The Australian Koala Foundation (AKF) chief executive officer has labelled the NSW Koala Strategy implemented by the NSW state government as a ‘smoke screen’.
Deborah Tabart said the government has developed the strategy to make it appear that it cares about the declining koala population but in reality it’s all to benefit industry.
The ceo said the strategy is being used to cover up recent changes by the government on land clearing which have critically reduced protections for koalas in NSW.
“Laws to protect koalas and koala habitats are being weakened to pave the way for more and more development,” she said.
The Port Macquarie community were invited to a NSW Koala Strategy information session at the Port Macquarie Historic Courthouse on February 9.
Sessions are also being run in seven other locations in New South Wales.
NSW Environment Minister Gabrielle Upton said the sessions were aimed to provide an opportunity for people to share their knowledge about the local koala population and provide feedback on how to address declining koala numbers.
The NSW Office of Environment and Heritage director of policy Steve Hartley said the NSW Koala Strategy is a whole government approach and it takes into account that there are a variety of threats contributing to the decline of the koala population.
He said it is important therefore to consult with people on a national, state and regional basis.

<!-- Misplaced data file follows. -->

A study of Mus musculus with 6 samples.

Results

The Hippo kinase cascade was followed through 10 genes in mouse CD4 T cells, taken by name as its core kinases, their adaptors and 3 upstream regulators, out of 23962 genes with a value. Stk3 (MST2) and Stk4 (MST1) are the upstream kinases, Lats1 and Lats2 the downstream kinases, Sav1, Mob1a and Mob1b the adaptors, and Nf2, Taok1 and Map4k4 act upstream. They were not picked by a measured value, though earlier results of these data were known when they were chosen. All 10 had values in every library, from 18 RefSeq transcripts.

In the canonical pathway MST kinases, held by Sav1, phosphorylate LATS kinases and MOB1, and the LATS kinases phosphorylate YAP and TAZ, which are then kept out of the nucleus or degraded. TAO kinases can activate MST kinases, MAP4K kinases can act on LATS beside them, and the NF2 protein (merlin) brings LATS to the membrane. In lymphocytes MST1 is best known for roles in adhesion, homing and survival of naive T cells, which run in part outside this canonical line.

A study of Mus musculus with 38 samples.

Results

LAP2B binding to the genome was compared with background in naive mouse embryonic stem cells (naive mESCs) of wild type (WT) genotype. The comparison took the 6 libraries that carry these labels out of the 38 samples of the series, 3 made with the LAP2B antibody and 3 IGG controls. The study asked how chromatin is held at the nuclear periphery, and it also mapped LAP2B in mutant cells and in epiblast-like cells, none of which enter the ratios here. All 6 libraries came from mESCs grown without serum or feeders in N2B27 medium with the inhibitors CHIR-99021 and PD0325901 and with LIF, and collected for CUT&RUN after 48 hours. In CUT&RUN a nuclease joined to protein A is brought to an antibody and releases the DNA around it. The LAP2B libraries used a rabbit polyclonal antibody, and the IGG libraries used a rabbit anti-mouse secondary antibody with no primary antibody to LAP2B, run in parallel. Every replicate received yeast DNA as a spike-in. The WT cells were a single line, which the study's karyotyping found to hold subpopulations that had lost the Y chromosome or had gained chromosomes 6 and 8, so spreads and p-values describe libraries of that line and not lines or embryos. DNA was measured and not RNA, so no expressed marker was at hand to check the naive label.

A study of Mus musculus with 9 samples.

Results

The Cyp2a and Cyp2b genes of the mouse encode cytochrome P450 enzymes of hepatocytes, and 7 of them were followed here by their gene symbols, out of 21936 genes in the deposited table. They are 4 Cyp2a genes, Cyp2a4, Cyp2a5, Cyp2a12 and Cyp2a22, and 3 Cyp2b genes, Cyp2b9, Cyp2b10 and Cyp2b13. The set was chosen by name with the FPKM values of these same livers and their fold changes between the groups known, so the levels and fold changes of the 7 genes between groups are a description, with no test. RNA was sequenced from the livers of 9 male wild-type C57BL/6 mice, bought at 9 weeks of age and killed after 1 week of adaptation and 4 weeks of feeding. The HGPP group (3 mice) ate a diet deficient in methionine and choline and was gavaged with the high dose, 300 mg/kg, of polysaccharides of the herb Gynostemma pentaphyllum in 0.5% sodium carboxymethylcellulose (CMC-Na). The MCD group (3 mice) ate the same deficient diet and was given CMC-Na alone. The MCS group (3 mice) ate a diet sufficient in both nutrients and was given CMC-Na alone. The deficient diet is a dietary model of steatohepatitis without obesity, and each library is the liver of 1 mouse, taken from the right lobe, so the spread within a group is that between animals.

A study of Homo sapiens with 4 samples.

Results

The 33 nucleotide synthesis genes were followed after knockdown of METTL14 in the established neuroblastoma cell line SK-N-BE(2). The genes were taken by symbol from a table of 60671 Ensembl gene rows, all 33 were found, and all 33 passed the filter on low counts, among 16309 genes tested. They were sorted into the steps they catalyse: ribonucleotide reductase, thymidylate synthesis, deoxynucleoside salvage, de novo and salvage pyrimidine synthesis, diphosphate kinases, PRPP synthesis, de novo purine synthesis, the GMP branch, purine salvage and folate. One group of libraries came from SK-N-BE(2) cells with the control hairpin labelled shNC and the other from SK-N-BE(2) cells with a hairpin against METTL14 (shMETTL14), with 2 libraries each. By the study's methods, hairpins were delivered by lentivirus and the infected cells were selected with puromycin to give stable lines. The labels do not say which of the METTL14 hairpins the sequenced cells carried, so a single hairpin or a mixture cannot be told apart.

The AKF staff members have questioned why it was not consulted to produce the recommendations for the Koala Strategy.
Ms Tabart sent a letter to Minister Upton on February 3 expressing her concerns.
In the letter she states it is hard for her to accept any potential outcome resulting from the strategy as the NSW government does not have the necessary data to produce mapping.
She said habitat mapping is the only way to lead to feasible outcomes that can protect koala habitat.
“Land clearing in NSW has to stop and the only way to do that fairly is to have good maps,” she said.
She said a Koala Recovery Plan should have been finalised in 2014 by the federal government.
Ms Tabart said in the near future the Koala Hospital in Port Macquarie will have no more patients.
She said unfortunately the system exploits the people who work tirelessly to care for injured koalas.
Ms Tabart said the people who really do care about the future of the koala population are fighting a losing battle.
The AKF has addressed a number of concerns with the recommendations of the Koala Strategy with the NSW Environment Minister.